Miss Flo couldn’t even save this one.

With all style and no substance, Don’t Worry Darling was a confusing yet predictable 123-minute-long drag. With some enjoyable moments and a solid aesthetic, the film wasn’t all bad, but it lacked structure and felt thrown together. It felt like an amalgamation of ideas without proper execution.

In my humble opinion, Harry Styles was disastrously miscast. There are so many actors who could have played this part with more depth and capability than what Styles was able to offer: for example, I think Evan Peters (of American Horror Story and most recently, Dahmer, fame) could have played this role with his multifaceted skills and ability. I could come up with a whole list of potential recasts, but that’s for another time. Styles’ performance felt empty and forced…I wouldn’t be surprised if he only was cast because the girlies thought he was cute.

On the other hand, Florence Pugh gave what could be the performance of her career. I was drawn to her and her portrayal of Alice. She lit up the screen and stole every scene–even when the film was off its axis and the whole thing felt unhinged and confusing. She grounded it in a really special way that made it the tiniest bit easier to follow. If there was one thing right about this movie, it was Florence Pugh.

Regarding the rest of the cast, there are some players whose presence bewildered me. What was Nick Kroll doing there?!?! I mean, I’m okay with it (SHUT UP, BILL!), but HUH? Also–Kiki Layne? Criminally underused for being such a critical part of the story. She is literally the catalyst of every main conflict and yet she has a screentime of maybe five minutes.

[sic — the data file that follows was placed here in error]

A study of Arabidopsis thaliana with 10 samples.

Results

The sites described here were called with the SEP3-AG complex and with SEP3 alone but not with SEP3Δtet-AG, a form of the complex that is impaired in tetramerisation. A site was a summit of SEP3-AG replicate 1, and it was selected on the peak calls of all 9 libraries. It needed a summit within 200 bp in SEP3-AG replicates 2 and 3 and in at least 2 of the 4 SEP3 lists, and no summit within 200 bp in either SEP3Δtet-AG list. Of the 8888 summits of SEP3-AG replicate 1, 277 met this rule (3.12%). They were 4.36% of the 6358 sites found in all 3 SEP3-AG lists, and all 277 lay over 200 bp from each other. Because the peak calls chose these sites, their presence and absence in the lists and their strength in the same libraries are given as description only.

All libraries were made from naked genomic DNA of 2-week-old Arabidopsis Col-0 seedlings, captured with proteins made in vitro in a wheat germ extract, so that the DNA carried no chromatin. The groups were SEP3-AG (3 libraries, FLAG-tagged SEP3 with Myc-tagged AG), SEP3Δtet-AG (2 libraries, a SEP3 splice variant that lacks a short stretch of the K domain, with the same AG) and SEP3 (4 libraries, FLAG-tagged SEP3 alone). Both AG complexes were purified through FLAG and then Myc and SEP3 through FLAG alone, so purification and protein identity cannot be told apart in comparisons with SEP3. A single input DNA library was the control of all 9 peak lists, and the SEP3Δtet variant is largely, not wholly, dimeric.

Let’s take a moment to appreciate Gemma Chan and Chris Pine, who both served in their performances but have not received enough recognition or credit for their contributions to this movie. I didn’t even know they were in the movie until Chris Pine got spat on. What a life we live.

I don’t think that this movie was worth all of the drama. Maybe if none of that drama happened, I would’ve liked the movie better. Particularly, hearing all of the weird stuff Olivia Wilde allegedly did made me detest her onscreen character, whose lack of originality felt like a direct knock-off of Wanda Maximoff…I can’t say much more than that, or else the whole plot of the movie would get spoiled, but it was in my head for the whole time and I’ve been waiting to say it.

The aesthetic was beautiful. This movie was fun to look at and think about from a visual lens. The 50s aesthetic was accurate but not painfully in-your-face, and I thought it was cool for both the story and the visuals how the whole film takes place in the middle of the desert. I liked the watered-grass/suburbia contrast to the desert. I think the cinematography could have been better, but for a “movie that feels like a movie––it fits the bill.

I think everyone and their mother can tell how I feel about this movie. Did I like it from the perspective of a critic? Not at all. Did I have a good time at the theater? Honestly, yes I did. I had a good time laughing with my friends about how wild this thing was, so if asked whether or not I’d recommend this movie…I’d say I do. You should watch it just to say that you’ve watched it.

Jessika Landon is a third-year Emerson College student pursuing a major in Media Arts Production and a minor in Marketing Communication. She loves talking and writing about the media she loves and is a major advocate for self-love, mental health, and more.